The year 1914 might have been in another century for all the innocence of its people and their pursuits before the Great War engulfed the world. Sixty years ago this month the men and women on these pages—along with their triumphs and shenanigans—were pictured in the rotogravure section of the New York Times.
James Montgomery Flagg, soon to paint the famed Uncle Sam recruiting poster, frolicked with his club.
Toppered John D. Rockefeller was caught smiling at a fellow member of the Fifth Avenue Baptist Church congregation.
Yale wrestling champ, Stuart Phelps Dodge of the copper family, was a femme fatale in a university production.
Naturalist-poet John Burroughs called attention to America’s treasures.
Thomas A. Edison, “the Wizard of Menlo Park,” posed for his 67th birthday with boutonniere.
Distaff base runners, Hilda Holmes and Mrs. C.H. Jackson, were eye-catchers at a baseball game played between Henry Flagler’s Palm Beach hotels, the Breakers and Royal Poinciana.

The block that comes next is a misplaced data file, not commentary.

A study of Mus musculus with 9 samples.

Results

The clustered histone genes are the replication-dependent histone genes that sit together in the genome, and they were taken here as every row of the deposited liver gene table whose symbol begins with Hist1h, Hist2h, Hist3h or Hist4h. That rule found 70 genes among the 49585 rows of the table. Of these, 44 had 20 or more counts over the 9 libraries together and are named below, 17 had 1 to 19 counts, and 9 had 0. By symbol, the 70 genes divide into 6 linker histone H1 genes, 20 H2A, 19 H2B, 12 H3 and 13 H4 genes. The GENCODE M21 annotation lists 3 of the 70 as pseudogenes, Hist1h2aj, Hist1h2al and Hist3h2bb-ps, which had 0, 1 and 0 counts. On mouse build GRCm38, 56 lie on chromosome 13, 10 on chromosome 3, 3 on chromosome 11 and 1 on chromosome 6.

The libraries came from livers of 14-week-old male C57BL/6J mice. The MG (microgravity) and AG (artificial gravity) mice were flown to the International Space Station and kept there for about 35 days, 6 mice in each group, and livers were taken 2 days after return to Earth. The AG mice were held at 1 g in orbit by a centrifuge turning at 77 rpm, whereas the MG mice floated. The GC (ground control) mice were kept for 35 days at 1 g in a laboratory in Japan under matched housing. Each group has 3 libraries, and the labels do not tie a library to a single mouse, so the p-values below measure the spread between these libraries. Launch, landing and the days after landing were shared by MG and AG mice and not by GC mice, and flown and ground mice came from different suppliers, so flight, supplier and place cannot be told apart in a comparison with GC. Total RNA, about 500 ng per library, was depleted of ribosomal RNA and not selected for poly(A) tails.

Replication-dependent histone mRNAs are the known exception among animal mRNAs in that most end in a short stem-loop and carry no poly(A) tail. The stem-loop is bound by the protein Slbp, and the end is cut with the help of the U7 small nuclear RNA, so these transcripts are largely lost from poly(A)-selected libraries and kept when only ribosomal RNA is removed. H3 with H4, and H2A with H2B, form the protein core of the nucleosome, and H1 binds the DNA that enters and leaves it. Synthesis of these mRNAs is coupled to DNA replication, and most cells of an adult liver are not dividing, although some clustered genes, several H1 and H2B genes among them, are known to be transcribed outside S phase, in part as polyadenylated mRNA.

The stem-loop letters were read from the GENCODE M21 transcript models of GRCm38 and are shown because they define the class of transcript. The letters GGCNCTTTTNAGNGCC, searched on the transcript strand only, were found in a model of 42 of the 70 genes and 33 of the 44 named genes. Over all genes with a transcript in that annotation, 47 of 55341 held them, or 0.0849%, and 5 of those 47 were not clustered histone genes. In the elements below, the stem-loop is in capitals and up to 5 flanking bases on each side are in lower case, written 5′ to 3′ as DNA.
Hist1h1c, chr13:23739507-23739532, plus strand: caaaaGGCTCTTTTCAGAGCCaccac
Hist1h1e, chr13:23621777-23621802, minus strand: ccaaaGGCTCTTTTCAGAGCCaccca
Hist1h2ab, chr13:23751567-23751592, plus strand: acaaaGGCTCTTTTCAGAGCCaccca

Happy princeling with a fish pole, Albrecht Luitpold of Bavaria was then heir apparent. The end of the monarchy made him the Pretender.
The electric presence of Enrico Caruso and Geraldine Farrar (upper center) illuminated the Metropolitan’s production of Gustave Charpentier’s forgettable opera Julien.
Time’s mute witness to many odd visitors and episodes, the Sphinx was the backdrop for the New York Giants and Chicago Cubs, whose barnstorming tour John McGraw called a “monument” to baseball.
The immortal John L. Sullivan was dubbed “Heavyweight Champion of Women’s Suffrage,” presumably for his temperance efforts.